London, England, Sep 17, 2010 / 10:14 am
Addressing a group of political, cultural, business and religious leaders at Westminster Hall on the second day of his state visit to Great Britain, Pope Benedict discussed what he described as “fundamental questions” about the moral responsibilities of government, and the role of religious faith in society. Decrying how Christianity has been marginalized in some Western societies, he urged leaders to engage in a “profound and ongoing dialogue” between reason and faith “for the good of our civilization.”
The Pope reflected on the significance of Westminster Hall as the site of the British Parliament, symbolic of the democratic political tradition which has influenced history and the modern world in profound ways. He drew particular attention to the figure of Saint Thomas More, “the great English scholar and statesman” who was imprisoned and executed in 1535 for obedience to the Church over the King of England.
“He followed his conscience,” the Pope noted, “even at the cost of displeasing the sovereign,” and “chose to serve God first.” The case of St. Thomas More, he continued, raised “fundamental questions” about the nature of government and the role of religion in society. “What are the requirements that governments may reasonably impose upon citizens, and how far to they extend?” More fundamentally, “By appeal to what authority can moral dilemmas be resolved?”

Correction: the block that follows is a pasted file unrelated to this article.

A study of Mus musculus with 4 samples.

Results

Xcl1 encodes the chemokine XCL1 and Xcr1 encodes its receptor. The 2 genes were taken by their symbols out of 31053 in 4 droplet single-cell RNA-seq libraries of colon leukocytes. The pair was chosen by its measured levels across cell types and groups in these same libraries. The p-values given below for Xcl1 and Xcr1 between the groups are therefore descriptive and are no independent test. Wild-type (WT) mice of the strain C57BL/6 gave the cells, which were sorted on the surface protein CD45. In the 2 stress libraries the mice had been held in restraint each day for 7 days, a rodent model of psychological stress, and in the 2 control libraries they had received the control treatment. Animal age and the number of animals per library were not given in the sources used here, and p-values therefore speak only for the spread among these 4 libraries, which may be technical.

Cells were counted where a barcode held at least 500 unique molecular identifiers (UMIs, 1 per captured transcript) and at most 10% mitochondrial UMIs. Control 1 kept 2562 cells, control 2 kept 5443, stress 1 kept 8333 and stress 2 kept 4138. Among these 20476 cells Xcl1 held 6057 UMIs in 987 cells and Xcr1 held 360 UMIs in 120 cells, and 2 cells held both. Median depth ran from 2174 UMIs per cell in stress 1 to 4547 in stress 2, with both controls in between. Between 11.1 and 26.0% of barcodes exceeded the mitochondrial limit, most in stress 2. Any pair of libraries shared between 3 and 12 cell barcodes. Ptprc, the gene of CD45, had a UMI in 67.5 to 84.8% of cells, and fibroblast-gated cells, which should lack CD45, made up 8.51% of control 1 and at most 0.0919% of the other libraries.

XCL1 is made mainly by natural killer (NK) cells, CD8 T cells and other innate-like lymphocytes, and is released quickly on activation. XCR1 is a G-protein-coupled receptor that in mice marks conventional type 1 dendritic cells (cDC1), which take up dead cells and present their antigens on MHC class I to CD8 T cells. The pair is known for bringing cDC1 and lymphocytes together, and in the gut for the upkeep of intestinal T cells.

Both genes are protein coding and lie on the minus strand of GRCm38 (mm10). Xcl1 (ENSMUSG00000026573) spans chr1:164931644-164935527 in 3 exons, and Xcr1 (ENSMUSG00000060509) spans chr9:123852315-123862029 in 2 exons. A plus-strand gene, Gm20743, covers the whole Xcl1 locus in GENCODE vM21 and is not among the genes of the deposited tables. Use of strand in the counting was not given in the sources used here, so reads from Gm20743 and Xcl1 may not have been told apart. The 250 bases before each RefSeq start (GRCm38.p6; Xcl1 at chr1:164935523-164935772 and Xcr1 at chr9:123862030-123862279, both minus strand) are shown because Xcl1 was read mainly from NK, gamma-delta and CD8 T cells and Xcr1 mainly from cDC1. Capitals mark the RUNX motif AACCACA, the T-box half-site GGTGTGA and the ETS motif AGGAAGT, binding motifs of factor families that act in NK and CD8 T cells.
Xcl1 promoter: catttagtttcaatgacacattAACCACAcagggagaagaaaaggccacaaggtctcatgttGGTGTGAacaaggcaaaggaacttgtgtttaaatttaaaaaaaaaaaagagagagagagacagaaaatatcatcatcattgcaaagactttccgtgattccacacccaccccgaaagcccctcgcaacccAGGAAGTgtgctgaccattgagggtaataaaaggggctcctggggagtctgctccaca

Merely resorting to a social consensus as is done now, Pope Benedict pointed out, cannot sustain the democratic process which has been central to life in Great Britain and the English-speaking world for centuries. “If the moral principles underpinning the democratic process are themselves determined by nothing more solid than social consensus,” he explained, “then the fragility of the process becomes all too evident – herein lies the real challenge for democracy.”